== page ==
Ford Motor Co. is finishing up their final round of layoffs today. About 7,000 workers worldwide are losing their jobs in this “booming economy” as unsold vehicles continue to pile up in the once empty parking lots of closed retail establishments.
CEO Jim Hackett notified employees in an email Monday that Ford was nearing the end of its months-long bout of white-collar layoffs that would eliminate 7,000 jobs globally, roughly 10% of the automaker’s global salaried workforce, according to Detroit News. When the U.S. layoffs wrap by June, Ford would have cut around 800 jobs in addition to 1,500 buyouts that occurred late last year, or around 7% of its U.S. salaried workforce.
The first 500 employees to be laid off are being told today. Both sets of layoffs are largely a result of a slowing auto market and looming economic recession. Ford’s layoffs are part of a $25.5 billion pool of cost cuts expected to roll out over the next few years.
Ford layoffs aim to prune management levels, which would allow for quicker ascension through executive ranks and quicker decision-making. Anderson said Ford’s job cuts aim to answer a tougher problem than GM’s. “Ford set a target for a gross number of management jobs to be reduced,” Anderson said. “That is harder to achieve and keep a successful company than it will be for General Motors. … It’s going to be harder for Ford to maintain the quality they have with this significant headcount reduction.”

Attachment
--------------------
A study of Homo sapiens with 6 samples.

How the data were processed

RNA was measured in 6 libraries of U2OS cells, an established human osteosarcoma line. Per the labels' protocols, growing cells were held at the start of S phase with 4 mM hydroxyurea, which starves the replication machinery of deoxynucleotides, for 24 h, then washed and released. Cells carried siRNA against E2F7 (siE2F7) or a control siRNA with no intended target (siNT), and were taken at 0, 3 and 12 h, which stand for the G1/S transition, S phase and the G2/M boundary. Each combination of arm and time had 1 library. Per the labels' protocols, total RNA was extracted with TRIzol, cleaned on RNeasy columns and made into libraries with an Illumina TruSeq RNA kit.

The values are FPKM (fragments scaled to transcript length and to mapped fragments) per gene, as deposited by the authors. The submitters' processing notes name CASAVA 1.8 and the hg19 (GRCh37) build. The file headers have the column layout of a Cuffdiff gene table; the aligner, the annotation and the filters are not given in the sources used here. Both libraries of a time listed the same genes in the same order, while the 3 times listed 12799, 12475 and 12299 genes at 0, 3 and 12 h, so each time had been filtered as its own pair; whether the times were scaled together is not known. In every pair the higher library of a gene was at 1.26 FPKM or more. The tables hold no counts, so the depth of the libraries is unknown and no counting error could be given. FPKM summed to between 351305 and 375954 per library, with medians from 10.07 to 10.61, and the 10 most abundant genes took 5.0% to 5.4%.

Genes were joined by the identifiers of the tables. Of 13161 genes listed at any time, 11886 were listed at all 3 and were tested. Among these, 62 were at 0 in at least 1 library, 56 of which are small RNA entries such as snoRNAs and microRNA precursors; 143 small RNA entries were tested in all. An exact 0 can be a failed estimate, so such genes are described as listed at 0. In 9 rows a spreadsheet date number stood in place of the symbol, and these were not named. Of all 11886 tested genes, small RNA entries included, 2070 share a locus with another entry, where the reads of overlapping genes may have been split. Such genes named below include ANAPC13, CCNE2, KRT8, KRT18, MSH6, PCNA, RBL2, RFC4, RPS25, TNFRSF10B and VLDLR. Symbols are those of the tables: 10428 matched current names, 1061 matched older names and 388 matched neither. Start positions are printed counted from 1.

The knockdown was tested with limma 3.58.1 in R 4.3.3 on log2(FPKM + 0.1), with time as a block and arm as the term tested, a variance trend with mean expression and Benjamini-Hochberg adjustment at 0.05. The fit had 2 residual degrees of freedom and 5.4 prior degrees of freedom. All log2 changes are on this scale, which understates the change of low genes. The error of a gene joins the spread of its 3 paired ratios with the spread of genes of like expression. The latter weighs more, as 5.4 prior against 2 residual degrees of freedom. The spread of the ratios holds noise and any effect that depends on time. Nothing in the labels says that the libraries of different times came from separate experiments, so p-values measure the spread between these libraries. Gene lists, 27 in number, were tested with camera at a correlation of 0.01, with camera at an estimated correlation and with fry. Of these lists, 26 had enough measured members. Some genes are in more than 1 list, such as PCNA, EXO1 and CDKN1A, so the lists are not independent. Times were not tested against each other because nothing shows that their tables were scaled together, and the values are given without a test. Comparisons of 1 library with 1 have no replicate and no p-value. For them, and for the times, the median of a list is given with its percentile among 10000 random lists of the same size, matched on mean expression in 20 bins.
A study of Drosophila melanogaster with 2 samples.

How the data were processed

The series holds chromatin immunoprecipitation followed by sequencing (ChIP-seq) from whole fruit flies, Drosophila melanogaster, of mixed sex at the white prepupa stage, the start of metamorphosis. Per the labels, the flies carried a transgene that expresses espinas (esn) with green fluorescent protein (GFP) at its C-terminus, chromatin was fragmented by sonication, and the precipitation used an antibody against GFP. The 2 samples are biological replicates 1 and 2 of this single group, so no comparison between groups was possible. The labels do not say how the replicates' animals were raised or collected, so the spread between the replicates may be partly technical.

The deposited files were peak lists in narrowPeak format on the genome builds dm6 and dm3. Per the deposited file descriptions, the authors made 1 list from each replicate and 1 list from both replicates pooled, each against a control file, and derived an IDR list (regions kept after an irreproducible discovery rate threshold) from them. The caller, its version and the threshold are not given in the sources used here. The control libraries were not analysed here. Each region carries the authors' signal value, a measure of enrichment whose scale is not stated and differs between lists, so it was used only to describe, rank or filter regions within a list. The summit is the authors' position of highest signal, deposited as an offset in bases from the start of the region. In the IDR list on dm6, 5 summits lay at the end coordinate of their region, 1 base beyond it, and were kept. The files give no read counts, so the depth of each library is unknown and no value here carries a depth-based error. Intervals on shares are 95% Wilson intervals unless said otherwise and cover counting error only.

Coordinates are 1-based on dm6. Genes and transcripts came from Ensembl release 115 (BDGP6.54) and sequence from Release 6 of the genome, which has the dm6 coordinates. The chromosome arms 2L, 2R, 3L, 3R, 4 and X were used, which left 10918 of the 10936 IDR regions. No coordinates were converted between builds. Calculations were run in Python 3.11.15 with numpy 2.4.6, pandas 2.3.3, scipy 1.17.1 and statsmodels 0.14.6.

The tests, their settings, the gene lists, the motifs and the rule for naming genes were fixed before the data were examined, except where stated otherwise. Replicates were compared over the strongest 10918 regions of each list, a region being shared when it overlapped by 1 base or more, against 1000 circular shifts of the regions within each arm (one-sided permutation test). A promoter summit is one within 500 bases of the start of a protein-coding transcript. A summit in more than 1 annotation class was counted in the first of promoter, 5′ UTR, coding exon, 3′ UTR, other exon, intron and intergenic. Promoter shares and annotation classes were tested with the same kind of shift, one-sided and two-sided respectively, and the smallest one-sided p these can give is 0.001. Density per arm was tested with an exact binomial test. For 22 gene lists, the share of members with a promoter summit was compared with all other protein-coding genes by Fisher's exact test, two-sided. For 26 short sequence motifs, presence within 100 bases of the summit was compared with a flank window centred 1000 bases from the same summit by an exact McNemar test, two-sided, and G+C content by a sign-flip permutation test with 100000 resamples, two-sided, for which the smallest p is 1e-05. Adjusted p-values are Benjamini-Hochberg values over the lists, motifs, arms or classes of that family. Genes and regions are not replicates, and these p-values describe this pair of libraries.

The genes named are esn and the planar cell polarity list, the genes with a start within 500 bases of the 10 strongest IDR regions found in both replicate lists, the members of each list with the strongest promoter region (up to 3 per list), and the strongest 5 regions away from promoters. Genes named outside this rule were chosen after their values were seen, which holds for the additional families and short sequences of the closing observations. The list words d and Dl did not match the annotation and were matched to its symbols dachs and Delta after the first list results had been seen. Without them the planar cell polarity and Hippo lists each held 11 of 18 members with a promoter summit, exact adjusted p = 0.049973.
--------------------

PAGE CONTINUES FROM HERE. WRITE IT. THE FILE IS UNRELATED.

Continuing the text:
But the auto industry is barely holding on right now, and it wouldn’t be too surprising if Ford laid off more workers by the end of this year as well.
Abandoned factories, forgotten shopping malls, and undeveloped parcels of land have become parking lots full of new cars as dealers try to figure out what to do with mounting inventories of unsold vehicles, according to OKCFox, a local Oklahoma City Fox News affiliate reported. But the mainstream media keeps saying the economy is great, and even though stocks have fallen on the news of a heightened trade war, there isn’t much other real truth happening when it comes to reporting on the economy. –SHTFPlan
Of the over 4 million unsold cars and light trucks, over half are from General Motors, Ford or FCA brands. May sales have slumped as consumers just cannot afford to buy at this time. Auto loan delinquencies are also rising at a time when unemployment is low and the economy is in excellent shape (if you listen to the mainstream media.) But the cracks in the economy are showing through the auto industry.